Sexting -- it's a play on the words sex and texting.

Some say it's just innocent, adolescent fun, but it's also a game that can have some very public consequences.

CTV's Daniele Hamamdjian caught up with a group of Montreal high school students who said sexting was a growing trend, one that includes everything from naughty text messages to nude photos.

(I have) things that my parents shouldn't see ... texts, like, guys that I'm interested in," said one girl.

Some sext messages are playful while others are provocative if not pornographic.

"Nude pictures," he said when asked what sorts of images he has exchanged.

He admitted that he has shared such picture with his close friends, but "won't, like, send it to everyone to embarrass the girl."

Some teens say such provocative messages sometimes lead to sexual intercourse.

"Kids ... hook up for one night stands and they're like fourteen," said one girl.

"It's socially acceptable among teenagers, but to parents it's not."


One expert says the technology teens are using to exchange sexual information is part of the larger issue of technology undermining privacy.

"You're making public things that you would have never done before," said Andre Caron, a youth and media studies professor at the University of Montreal.

"If you had a little diary when you were a teenager and you're writing in all your love stories and all that...and you locked it hoping your parents wouldn't find the key...well, forget it now."


While parents might be concerned, one expert says it's nothing more than normal sexual curiosity.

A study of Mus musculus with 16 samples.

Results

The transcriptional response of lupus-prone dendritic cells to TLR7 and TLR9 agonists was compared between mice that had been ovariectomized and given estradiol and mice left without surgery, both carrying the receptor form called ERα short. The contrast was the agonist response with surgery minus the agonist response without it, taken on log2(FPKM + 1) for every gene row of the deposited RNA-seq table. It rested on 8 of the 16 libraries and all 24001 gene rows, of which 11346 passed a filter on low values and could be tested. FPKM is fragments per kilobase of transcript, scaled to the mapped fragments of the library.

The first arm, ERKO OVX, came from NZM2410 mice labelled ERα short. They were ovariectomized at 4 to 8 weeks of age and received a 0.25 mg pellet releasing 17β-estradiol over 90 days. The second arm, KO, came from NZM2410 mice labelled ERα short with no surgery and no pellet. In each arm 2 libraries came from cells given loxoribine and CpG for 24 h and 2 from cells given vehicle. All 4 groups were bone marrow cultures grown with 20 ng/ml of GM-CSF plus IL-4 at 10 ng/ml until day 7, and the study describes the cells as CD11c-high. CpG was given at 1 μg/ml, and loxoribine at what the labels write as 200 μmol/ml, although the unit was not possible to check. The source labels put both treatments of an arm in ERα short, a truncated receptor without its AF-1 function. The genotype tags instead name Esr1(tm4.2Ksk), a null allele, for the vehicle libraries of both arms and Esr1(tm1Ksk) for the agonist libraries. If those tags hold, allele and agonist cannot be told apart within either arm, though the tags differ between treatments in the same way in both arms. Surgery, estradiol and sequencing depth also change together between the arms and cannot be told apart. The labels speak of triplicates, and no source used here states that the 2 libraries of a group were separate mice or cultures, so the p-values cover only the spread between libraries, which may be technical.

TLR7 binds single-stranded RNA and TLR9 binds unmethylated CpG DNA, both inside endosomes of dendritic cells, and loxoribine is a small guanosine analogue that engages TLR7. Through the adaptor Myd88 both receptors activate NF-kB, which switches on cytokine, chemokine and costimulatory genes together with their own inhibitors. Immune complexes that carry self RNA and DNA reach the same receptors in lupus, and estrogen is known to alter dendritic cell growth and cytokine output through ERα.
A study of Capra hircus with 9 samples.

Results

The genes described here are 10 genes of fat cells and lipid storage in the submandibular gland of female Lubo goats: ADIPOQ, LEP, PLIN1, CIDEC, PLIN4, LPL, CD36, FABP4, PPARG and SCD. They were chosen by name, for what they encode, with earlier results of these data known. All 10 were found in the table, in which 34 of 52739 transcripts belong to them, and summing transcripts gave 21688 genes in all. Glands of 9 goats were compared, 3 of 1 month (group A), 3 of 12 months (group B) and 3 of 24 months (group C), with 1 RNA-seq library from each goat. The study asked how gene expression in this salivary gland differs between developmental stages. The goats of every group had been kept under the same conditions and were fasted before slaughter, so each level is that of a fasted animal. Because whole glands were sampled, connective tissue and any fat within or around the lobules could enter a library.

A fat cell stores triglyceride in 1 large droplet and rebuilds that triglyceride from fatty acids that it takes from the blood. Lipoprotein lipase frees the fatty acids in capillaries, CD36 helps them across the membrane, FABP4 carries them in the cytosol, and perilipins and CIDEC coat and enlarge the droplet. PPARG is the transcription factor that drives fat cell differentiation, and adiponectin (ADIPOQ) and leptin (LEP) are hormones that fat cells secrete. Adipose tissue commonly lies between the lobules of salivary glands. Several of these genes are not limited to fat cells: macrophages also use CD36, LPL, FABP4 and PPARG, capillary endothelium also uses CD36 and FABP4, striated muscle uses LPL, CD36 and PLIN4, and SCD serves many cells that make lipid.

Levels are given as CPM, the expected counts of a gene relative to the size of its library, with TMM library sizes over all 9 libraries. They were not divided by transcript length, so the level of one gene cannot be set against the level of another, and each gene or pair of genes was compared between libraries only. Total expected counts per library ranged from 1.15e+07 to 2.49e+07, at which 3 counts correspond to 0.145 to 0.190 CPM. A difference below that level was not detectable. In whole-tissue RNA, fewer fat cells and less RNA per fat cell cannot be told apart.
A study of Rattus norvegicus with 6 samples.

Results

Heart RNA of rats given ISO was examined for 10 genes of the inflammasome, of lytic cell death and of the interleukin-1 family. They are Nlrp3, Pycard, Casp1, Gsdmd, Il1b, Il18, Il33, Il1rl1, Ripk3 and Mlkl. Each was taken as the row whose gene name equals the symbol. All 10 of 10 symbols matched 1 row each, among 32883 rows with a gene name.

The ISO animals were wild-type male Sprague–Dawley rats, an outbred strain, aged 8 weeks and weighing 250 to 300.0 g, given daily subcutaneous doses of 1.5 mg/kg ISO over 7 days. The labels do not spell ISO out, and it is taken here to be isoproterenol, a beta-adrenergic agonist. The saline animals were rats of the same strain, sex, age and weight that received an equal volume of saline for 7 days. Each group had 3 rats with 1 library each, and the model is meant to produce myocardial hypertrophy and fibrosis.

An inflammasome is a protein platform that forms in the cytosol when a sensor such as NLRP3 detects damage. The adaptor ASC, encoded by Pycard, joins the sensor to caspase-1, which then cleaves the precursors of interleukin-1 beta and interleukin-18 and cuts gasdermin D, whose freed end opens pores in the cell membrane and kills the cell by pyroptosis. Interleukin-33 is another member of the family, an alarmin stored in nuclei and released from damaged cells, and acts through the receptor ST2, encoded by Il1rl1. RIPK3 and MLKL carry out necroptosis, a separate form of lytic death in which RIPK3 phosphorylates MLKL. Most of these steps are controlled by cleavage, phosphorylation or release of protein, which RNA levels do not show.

Peter Cumming, a children's studies professor at York University in Toronto, says people are extra sensitive because teens are involved.

"The alarm has been focused on teenagers because we go into a panic about teenagers - especially when you put sexuality and technology together," Cumming said.

But he says sexting is just a more modern version of "spin the bottle."

Cumming wonders whether the result would be the same even if there was no technology.

"(Critics) assume that teenagers are having sexual experiences because cell phones exist," he said.

"If you drop two teens on a desert island without cell phones or digital cameras, I'm sure they can figure (it out) themselves."

He also says that nobody ever got pregnant or caught an STD from a naughty message.


But there have been victims, including Ohio native Jessica Logan who sent a nude cell phone picture to her boyfriend.

After their breakup, he mass texted the photo to students in four different schools.

She was harassed and humiliated until she hanged herself in July 2008.

Who's responsible?

But Betty Stamatakos, a guidance counselor at John F. Kennedy High School in Montreal, says children can't take all of the responsibility for the misuse of technology.

"If we allow technology to come into our lives and as a parent we hand that technology over to our child ... it's up to the parent to monitor the technology that is passed on."

However, many parents CTV spoke with had no idea what sorts of images were on their children's cell phones.